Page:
April 19, 2012

Manage Your Database with Adminer

If you're looking for a simple way to manage your database effectively, you might want to have a look at Adminer. It's simple to install, supports multiple databases, and has a number of features you don't find in phpMyAdmin.

Adminer used to be known as phpMinAdmin. It's a single PHP file that you can drop on your server to administer MySQL, PostgreSQL, SQLite, Microsoft SQL Server, or Oracle databases. This is particularly helpful if you have a system with more than one database server on it.Adminer Interface

Using Adminer

Adminer is very easy to get started with. Just grab the PHP file and drop it on your server, then log in. You can even run Adminer locally and connect to a remote database if you prefer, and if you have MySQL set up to allow remote connections.

What can Adminer do? Pretty much anything you need to do with a database, or at least what you'd expect to be able to do via a Web-based interface. Manage databases, tables, pull or insert records, execute SQL commands, manage database processes, and so forth. Need to manage users? No problem. View the database variables? Piece of cake. Add triggers to a table, or alter a table? Yup.

If you're using phpMyAdmin right now, you might want to have a look at the comparision chart. Seeing as it's prepared by the Adminer folks, it might be a wee bit biased – but it does seem that Adminer has an edge on phpMyAdmin in features.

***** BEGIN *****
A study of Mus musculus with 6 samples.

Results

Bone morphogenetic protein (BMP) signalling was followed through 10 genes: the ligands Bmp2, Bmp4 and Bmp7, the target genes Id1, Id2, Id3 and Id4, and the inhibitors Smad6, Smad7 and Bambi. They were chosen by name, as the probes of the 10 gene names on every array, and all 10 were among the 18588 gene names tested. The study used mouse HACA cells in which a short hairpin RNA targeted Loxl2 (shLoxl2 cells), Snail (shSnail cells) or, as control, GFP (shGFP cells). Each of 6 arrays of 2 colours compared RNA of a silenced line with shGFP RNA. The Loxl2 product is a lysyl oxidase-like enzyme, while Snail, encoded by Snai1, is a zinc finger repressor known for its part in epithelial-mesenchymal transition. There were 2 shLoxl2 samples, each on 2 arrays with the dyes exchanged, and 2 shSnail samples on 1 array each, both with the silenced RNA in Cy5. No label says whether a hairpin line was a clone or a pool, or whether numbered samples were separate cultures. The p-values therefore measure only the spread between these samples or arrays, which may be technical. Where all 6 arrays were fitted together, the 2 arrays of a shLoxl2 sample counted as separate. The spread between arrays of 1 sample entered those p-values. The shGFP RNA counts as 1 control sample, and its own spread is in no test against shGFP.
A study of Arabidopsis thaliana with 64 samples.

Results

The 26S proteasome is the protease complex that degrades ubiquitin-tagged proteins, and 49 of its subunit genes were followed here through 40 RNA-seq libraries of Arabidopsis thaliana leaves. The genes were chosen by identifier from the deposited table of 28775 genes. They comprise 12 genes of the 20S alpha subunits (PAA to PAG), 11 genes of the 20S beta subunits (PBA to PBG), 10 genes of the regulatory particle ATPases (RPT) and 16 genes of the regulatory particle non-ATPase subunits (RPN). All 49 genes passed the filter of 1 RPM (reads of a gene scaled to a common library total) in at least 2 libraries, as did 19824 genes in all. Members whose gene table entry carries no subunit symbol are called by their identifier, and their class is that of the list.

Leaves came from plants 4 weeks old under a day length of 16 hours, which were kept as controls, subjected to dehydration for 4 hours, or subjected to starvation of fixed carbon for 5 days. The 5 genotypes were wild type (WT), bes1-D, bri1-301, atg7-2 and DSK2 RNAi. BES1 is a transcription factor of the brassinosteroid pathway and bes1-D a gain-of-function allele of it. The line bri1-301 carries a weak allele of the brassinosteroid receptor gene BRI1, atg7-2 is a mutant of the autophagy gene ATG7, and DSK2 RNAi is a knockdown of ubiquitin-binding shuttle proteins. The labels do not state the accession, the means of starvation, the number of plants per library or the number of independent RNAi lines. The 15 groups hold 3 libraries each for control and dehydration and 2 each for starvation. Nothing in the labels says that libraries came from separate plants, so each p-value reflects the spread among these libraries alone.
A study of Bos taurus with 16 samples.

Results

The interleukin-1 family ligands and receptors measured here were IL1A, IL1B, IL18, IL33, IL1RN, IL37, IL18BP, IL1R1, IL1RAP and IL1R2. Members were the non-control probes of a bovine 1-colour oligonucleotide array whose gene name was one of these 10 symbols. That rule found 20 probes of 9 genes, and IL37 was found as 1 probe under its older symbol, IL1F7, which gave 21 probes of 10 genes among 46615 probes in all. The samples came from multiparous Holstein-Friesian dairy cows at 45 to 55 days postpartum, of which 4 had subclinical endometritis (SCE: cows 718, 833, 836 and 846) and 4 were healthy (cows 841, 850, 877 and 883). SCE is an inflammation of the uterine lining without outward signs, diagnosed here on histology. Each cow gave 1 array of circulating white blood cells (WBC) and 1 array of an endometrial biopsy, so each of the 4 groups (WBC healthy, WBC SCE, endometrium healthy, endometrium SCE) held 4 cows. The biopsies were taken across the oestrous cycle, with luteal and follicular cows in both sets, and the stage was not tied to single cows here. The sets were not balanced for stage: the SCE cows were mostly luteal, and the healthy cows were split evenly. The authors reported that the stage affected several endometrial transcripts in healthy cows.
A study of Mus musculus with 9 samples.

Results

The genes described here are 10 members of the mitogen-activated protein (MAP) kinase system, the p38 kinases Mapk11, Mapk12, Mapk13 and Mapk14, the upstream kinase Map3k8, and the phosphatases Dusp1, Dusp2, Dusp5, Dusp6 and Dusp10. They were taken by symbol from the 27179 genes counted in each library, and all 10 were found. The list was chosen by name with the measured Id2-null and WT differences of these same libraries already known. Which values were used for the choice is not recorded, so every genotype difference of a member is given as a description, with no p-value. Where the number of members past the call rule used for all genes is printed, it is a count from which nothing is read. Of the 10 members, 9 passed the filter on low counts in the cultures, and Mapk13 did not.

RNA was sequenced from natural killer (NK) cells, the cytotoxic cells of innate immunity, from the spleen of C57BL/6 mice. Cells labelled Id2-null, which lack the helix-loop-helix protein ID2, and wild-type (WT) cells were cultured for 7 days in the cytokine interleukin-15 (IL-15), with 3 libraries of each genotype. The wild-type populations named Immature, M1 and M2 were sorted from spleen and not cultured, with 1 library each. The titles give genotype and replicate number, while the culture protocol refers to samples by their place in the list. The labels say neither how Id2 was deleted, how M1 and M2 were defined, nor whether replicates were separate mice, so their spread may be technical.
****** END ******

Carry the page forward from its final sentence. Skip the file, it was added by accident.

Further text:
I'm not a DBA and my needs for a database management tool are pretty minimal, so I can't say that I've stress-tested Adminer as thoroughly as other folks could. However, as a non-DBA, I find Adminer easy to use and I really like its links to the MySQL documentation.

The basic interface is fine for me. But if you really feel a need to pretty it up, you can grab one of the CSS skins and make it all shiny.

You might also look at Adminer if you need to embed an administration interface in a project or product. It's dual-licensed, with Apache and GPLv2, so you can use it freely.

WordPress or Single Database

A lot of folks just need to work with one database. For instance, if you have a WordPress instance and use MySQL to power that, you might need to edit that database but have no need to work with any other databases. In that case, you might want to have a look at the Adminer plugins.Selecting comments in Adminer

Adminer has plugins (or modules, extensions, etc.) for WordPress, Moodle, Drupal, Joomla, TYPO3, and others. It's dead simple to install on WordPress (and I expect on other platforms, too). Just go to the Plugins menu and select Add New. Search for Adminer and install the plugin. Once it's installed, it will be located under the Tools menu. Select Adminer, and it will automatically pull the database authentication data from your WordPress config.

If you want to provide an Adminer interface for a single database, check out Adminer Editor. This can be useful if you want to give users limited access, without the ability to add/drop databases and so forth.

If you haven't tried Adminer, give it a shot. It's free and really easy to test out. If you don't like it, rm adminer.php is all you need to do. That's pretty hard to beat!